What I’ve learned from getting lost looking for a restroom?
A real life example of a common web design problem.
„Design is really about solving problems” says Uxpin, the leading sketching software provider, on their home website. And they are damn right. One of the biggest problems we all struggle with is navigation. It’s a problem not limited to web design as I discovered during my recent visit to a restaurant, when I was trying to find a restroom.
Showing user a clear path for to perform desired action has been an issue for years. It has been a nightmare for both control board designers and architects many years before the Internet has been invented. However, the challenge is growing as more and more people use smaller screens and the feature/content list tends to grow endlessly.
One of the ways to approach this problem is a „three-click rule”. Wikipedia states that „a user of a website should be able to find any information with no more than three mouse clicks”. Applying it to my find-a-restroom quest, it means that I should be able to find one without opening more than 3 doors. Chris Wright suggests this rule is based on a belief that „any more than this and the user will become frustrated and abandon the task at hand”. It was then adjusted to the needs of a mobile era by Marissa Mayer, Yahoo CEO and ex-Googler, who came up with so called „two tap rule”.
…is just a myth
Although this may seem reasonable at first, the truth there is no data to prove that. Years ago, Joshua Porter from User Interface Engineering, published a paper proving that users don’t give up after the third click.
„Our analysis showed that there wasn't any more likelihood of a user quitting after three clicks than after 12 clicks” he said. Zoltán Gócza lists some more studies that challenge the three-click rule.
Self evidence is the king
Remember a door from the photo above? I came across them when I was on my find-a-restroom quest and it got me thinking. There was no sign and no explanation on the door, so this could be a restroom, but It may also be a storage room or a manager's office. Decision to open that door required some consideration. Steve Krug in his book „Don’t make me think” points out that „people don’t like to puzzle over how to do things. They enjoy puzzles in their place— when they want to be entertained or diverted or challenged— but not when they’re trying to find out what time their dry cleaner closes.” And I couldn’t agree more with him while I was standing in a front of this mysterious door.
How we approach this issue?
We have to deal with this long lasting navigation issue ourselves. Generaly we prefer the mobile first approach and in the current state of art on small screens we use either as a word „menu” as a link or a bar with 3-5 most important menu items. On larger screens where there is more space we tend to expand hidden menus and show more links straight away. However, this should be done in a thoughtful way.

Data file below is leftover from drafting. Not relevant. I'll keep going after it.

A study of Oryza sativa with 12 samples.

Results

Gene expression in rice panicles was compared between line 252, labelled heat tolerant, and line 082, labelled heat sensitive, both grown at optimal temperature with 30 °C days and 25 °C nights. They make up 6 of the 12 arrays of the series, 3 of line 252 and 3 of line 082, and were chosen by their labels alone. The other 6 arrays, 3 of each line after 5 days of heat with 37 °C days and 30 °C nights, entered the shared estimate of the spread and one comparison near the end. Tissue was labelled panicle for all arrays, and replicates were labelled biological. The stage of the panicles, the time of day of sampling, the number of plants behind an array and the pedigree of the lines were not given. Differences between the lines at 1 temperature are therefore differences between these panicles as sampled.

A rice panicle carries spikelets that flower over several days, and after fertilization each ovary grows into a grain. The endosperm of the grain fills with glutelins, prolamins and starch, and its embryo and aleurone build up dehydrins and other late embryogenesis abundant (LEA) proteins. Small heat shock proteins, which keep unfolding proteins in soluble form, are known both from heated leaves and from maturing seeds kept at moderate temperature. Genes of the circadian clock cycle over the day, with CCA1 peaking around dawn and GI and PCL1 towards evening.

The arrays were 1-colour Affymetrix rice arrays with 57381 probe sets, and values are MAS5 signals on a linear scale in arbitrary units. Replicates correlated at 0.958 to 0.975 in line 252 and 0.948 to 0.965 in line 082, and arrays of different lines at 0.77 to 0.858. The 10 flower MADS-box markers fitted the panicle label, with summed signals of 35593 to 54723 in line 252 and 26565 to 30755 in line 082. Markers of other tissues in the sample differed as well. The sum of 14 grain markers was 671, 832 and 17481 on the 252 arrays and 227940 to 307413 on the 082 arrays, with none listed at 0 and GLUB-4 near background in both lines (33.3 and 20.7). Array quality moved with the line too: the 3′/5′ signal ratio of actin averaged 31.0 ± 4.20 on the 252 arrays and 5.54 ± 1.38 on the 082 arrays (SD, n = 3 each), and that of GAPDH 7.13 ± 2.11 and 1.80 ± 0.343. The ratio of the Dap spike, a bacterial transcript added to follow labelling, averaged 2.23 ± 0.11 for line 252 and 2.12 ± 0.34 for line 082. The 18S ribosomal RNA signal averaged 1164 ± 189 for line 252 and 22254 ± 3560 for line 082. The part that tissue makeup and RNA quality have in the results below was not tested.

Large screen temptation
Sometimes more space on desktop is so tempting, that it makes designer loose their common sense. My favorite example is CNN. I like to read their CNN Politics service and I access it through their home page. On the mobile app I need to click hamburger menu or word „Home” and the drop down menu with „Politics” item appears. Not the best solutions, but at least bearable.
On the desktop version however, I still can’t find it. I have browsed through all drop downs menus on the top of the website (sometimes double leveled) and I can’t see it. When I’m desperate I usually look for an article about politics in US edition, then click word „Politics” that appears on top and I’m finally there! But I’ll bet I’m 1 of 100 to follow this path.
Junk food = Junk navigation
As you can see on the photo above, in my real life quest the restroom was only 2 doors away. But there wasn't even the slightest scent of information on the first door. In web design the same problem occurs with hamburger menu and kebab menu as Luke Wroblewski calls it. User has no idea what to expect after clicking it. And there’s science for that. James Archer describes a high-profile case of hamburger menu implementation failure on NBC News website. That’s why I call all this food-like menus a junk navigation.
Don’t make me think
„The number of clicks isn't what is important to users, but whether or not they're successful at finding what they're seeking” explains Porter. And their way to a pricing page on a website or a restroom in a restaurant may include a lot of steps as long as the path is obvious.